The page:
Today is Martin Luther King, Jr. Day when we (should) all pause to remember a man who changed everything. His willingness to stand up against the popular culture empowered everyone who came after. This post is my a little part of my effort to pay my debt to him.
Reverend Martin Luther King, Jr. took a stand and he paid the price. He paid that price because those around him in power sought to stop him. When I say “in power” I’m not talking about just the govenors, mayors, or other political figures. A politician rarely creates the culture they represent. A culture is created by individuals who perpetuate it.
These are the people who enforce the social mores and rules we are all expected to follow. They are the media, the celebrities, and the business people. They are us— the men and women on the street. They are the bosses, the chums, the pals, the mothers, the fathers, the brothers, the sisters, and the friends who frown on certain ideas. Perhaps these people have no unfortunate intentions— or maybe they do. But they are the ones who form the culture everyone lives in.
We have to stand up against that culture when it is wrong, or when it blocks us from believing and acting on what is right. We must make certain we are not the ones that are victimizing others. We’ve got to make certain we aren’t hindering others as they pursue their dreams and that we aren’t victimizing when they do.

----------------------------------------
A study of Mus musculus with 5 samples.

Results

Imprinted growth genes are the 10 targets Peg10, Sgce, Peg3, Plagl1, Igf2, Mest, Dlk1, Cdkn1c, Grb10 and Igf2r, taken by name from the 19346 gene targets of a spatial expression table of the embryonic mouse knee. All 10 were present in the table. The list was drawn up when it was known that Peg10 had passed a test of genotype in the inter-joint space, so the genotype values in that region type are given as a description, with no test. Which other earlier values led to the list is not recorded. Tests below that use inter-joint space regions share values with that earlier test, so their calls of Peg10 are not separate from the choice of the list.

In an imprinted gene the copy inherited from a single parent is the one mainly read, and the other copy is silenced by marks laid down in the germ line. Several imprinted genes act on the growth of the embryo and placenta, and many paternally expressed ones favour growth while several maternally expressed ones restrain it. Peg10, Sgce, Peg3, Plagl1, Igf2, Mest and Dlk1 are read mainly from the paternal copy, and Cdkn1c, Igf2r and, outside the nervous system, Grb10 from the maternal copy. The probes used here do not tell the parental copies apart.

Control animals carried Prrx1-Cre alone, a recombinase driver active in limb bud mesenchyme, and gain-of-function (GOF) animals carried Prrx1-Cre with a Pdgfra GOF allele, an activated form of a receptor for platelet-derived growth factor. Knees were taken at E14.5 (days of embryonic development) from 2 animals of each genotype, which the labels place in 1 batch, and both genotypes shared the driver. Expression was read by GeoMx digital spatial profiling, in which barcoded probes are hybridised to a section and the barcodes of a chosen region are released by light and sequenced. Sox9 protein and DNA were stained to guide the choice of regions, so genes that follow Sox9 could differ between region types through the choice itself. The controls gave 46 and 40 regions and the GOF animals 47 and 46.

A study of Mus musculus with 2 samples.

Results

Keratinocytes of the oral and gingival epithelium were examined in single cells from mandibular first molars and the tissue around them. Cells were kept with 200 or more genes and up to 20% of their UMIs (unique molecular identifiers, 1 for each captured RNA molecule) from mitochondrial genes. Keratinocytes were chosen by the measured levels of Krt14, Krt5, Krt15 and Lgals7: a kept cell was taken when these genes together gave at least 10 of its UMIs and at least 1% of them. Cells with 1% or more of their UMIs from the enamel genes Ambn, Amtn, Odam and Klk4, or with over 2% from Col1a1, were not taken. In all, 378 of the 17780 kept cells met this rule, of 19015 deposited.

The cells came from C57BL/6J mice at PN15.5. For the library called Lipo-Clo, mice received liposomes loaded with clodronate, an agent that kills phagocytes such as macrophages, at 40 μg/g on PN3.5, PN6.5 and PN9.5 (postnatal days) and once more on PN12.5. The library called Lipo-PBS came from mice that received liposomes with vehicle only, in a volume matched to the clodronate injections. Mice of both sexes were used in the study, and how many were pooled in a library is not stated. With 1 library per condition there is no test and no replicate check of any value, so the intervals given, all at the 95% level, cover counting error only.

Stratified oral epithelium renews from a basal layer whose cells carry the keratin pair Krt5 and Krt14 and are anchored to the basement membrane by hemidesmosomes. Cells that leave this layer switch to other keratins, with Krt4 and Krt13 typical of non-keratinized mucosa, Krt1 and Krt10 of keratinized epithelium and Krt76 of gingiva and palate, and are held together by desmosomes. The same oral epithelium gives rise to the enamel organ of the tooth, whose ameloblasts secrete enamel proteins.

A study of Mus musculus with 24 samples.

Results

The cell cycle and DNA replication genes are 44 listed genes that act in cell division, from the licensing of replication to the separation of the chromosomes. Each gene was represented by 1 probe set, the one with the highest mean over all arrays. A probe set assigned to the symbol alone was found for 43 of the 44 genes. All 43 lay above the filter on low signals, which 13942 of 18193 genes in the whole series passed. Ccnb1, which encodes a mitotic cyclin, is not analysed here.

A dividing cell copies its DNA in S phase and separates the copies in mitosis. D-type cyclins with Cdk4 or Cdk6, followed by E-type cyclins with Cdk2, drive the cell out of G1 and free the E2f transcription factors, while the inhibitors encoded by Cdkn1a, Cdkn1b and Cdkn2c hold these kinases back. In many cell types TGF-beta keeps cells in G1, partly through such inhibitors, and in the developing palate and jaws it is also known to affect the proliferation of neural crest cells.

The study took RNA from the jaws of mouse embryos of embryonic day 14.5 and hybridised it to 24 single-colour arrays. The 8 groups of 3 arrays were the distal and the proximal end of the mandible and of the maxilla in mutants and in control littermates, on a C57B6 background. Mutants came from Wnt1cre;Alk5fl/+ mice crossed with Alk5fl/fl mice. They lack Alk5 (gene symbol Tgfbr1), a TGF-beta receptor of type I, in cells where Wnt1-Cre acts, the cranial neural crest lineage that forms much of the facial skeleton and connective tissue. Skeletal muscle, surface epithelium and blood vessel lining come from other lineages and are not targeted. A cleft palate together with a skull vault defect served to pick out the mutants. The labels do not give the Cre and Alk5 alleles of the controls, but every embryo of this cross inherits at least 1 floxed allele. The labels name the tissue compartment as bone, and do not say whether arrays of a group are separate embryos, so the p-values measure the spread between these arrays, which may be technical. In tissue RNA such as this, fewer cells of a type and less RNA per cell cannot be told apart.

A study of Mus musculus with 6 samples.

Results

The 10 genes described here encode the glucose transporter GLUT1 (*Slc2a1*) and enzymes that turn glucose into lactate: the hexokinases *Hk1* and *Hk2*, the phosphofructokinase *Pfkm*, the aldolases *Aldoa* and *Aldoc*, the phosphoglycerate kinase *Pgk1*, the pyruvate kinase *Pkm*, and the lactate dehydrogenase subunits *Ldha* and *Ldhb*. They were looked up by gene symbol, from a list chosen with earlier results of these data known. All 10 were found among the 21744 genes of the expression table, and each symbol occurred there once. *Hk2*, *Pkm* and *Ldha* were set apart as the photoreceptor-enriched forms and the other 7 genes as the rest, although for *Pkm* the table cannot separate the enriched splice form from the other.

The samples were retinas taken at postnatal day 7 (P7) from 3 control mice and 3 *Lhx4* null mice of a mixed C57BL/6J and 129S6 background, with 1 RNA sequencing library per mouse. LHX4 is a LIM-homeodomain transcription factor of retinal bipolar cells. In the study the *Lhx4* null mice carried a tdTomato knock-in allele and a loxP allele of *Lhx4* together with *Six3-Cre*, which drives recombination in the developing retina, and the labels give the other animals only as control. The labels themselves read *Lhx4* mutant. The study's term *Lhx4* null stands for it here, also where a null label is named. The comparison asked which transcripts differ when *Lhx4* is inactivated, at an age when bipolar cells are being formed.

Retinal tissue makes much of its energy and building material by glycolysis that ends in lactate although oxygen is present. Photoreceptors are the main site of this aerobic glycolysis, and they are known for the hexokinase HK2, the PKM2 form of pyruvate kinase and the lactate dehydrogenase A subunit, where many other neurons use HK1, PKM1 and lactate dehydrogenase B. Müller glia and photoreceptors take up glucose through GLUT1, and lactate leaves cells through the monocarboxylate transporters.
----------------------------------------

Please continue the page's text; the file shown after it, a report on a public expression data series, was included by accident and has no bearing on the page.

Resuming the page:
Some people still aren’t completely aware how much Dr. King has empowered them. They need to think about what he stood for. Our culture’s tolerance is a good thing. It allows us all to follow our dreams.
Here are three places and events in our area that help deliver this message.
- The ‘Unto These Hills’ drama in Cherokee is a graphic depiction of what happens when people ignore this message. Click here to read my article about it and learn how to experience it.
- Two hours from Asheville the South Carolina State House has an incredible monument to the victims of slavery and apartheid in the United States. Click here to learn about it. Click here to check out the SC Tourism Office’s page about it.
- At 8 p.m. on Tuesday the 22, UNCA’s cultural events department will present The Parchman Hour, a tribute to The Freedom Riders. Click here to learn more.